Martin Blumberg of Melville recalls how he got the attention of future wife, Maxine, when they met at a dance.
My friends and I decided to go to a dance at a Jewish Center in Rego Park, Queens, in 1961. We lived in Canarsie, Brooklyn. When I got there, I saw this beautiful girl talking to her friends and asked her to dance. She told me her name was Maxine. She was 16 and lived in Rego Park.
I said, "You moved recently." She said, "Yes, how did you know?" It was just a guess, but I didn't tell her that. I wanted to pique her curiosity because, although I was only 18, I knew immediately that she was the person I wanted to share my life with.
As we danced I continued guessing and said, "You have a brother and you just broke up with a boyfriend." I was right again. After a few dances I went back to my friends on the other side of the room. I was playing hard to get. Sometime later, Maxine walked over to me, asking again how I knew those things about her. I kept her guessing.
After the last dance, I asked if I could walk her home and she agreed. On the way, we stopped at Jahn's ice cream parlor on Queens Boulevard. Maxine was a junior in high school. I was working during the day and attending evening classes at Brooklyn College.
When we got to her doorstep I leaned over to kiss her. She put up her hand and said, "I do not kiss on the first date." I said, "Let's make believe it's our last date." She went along with that and let me give her a little peck on the cheek.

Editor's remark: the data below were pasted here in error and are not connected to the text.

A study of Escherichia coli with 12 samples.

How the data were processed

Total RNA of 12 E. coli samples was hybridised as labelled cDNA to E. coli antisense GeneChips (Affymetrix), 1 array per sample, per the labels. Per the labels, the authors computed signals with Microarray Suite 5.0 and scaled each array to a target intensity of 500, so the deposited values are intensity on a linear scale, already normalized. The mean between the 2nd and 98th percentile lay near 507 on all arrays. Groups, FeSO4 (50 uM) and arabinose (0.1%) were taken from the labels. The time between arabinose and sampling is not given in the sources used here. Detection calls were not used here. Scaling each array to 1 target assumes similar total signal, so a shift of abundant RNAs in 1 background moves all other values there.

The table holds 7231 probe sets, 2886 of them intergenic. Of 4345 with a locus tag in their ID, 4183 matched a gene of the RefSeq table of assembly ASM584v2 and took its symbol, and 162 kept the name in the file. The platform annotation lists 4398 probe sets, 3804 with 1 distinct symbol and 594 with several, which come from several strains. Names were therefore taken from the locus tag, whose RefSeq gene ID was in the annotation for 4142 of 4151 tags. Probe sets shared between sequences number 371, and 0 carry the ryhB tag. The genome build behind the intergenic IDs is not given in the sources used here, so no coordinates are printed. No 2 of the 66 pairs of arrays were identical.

A few days later, I called her and we began dating. I remember taking her on some exotic dates, like night court in downtown Brooklyn where we'd listen to different cases. When it was a nice night, we'd ride back and forth on the Staten Island Ferry. I told her not to get off the ferry when it pulled into Staten Island because it would have cost 10 cents to get back on. As you can see, these were not expensive dates. We'd sometimes take in a movie or double date with friends. On most Friday nights, we'd share a combo plate at a Chinese restaurant.
We were married on March 14, 1964. My wife and I have been blessed with the three best children a parent could wish for; they have brought so much love and pride into our hearts. And they have given us eight wonderful grandchildren. This year we celebrated our 50th wedding anniversary with our family at Hendricks Tavern in Roslyn.
Maxine retired in 2008 as an account executive with Studebaker-Worthington leasing company in Jericho. I retired in 2013 from our family-run Auto Barn stores.
When I reminisce and look back on the beautiful years we have shared, it brings joy to my heart. These 50 years of marriage were beyond our greatest dreams. Who said marriage doesn't work?